We’ll miss Jeremy Hayes
Scott Ballard District Attorney
It’s a great privilege to love your job. And there is much to love about this one.
I love trials. I love the atmosphere around the four courthouses. I love the opportunity to visit schools and speak to civic clubs. I love the chance to assist law enforcement as they protect all of us.
But, most of all, I love the people that I work with.
People that work in an emergency room are unique. So are construction workers that walk on skyscraper beams high in the sky. And submarine crews. And coal miners. And teachers in inner-city schools.
Folks that excel in a prosecutor’s office have unique traits, too. They love their communities. They are driven to see that the right result occurs. They multi-task and juggle large volumes of work. They confront the clash between good and evil on a daily basis. And they win.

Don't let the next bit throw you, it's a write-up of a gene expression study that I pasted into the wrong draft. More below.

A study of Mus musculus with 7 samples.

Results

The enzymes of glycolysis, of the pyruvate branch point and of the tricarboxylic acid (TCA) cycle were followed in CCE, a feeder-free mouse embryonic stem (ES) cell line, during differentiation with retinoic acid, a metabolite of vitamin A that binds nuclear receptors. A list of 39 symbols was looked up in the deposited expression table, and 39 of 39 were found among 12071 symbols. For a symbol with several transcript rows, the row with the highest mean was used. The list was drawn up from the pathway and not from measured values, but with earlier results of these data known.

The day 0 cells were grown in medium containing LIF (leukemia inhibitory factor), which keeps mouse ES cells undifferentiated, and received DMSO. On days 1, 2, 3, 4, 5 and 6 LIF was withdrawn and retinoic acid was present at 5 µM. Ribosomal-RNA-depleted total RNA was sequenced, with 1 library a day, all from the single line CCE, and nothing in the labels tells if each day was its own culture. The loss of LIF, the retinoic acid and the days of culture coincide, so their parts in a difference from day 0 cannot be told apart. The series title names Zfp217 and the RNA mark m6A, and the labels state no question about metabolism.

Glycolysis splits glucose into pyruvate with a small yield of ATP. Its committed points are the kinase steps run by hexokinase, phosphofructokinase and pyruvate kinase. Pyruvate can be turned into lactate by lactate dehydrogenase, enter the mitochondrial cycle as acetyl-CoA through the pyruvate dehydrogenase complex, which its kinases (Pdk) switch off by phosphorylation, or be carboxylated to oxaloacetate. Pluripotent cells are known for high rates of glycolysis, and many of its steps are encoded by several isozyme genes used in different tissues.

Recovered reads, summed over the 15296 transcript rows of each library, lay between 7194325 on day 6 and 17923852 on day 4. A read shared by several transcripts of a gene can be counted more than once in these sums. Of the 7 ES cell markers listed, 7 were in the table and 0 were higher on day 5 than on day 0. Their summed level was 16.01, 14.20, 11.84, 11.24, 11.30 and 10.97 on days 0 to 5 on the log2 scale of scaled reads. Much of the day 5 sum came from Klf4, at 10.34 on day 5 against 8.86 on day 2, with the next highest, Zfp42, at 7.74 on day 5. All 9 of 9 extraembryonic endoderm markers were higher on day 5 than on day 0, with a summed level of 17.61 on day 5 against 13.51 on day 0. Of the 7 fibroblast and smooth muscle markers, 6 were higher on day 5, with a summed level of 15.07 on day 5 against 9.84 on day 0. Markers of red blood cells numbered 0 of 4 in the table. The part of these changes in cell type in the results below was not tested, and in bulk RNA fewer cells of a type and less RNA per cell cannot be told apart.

It’s fun to watch as they help each other, cheer for each other, laugh together. I enjoy the teamwork when we’re busy—almost overwhelmed—and it appears that nothing can stop us.
And when there is an emergency—an abused child needs us, a senseless killing occurs and law enforcement needs our help, or a last-minute glitch threatens to disrupt a trial—these men and women rise to the occasion. Every time.
That’s why it hurts so bad when I lose one of them.
Today, we’re losing Jeremy Hayes. He is one of the Fayetteville prosecutors. Tomorrow he will start a job in a new city with a private law firm.
We hired Jeremy about five years ago when he graduated from law school. He was waiting to see if he had passed the Bar exam. I thought he was special when I interviewed him.
Over the years I watched him grow. I celebrated when he passed the Bar. I went to his wedding. I’ve watched him advise law enforcement officers, work tirelessly on wiretap orders to catch drug dealers, help with the drug court, handle very complex appeals, and convict armed robbers and child molesters and drug dealers at trial.
He is brilliant. He is humble. He is level-headed and fair. He relentlessly and courageously pursues what he thinks is right and encourages others to do the same.
In short, Jeremy Hayes is a Christian man who practices law with a drive to serve.
And when the practice of law is a part of your Christian mission, you go where you are called. We all know that. We wish him the best. And we thank him for all he has done while he was here.
It is great to work with people like that.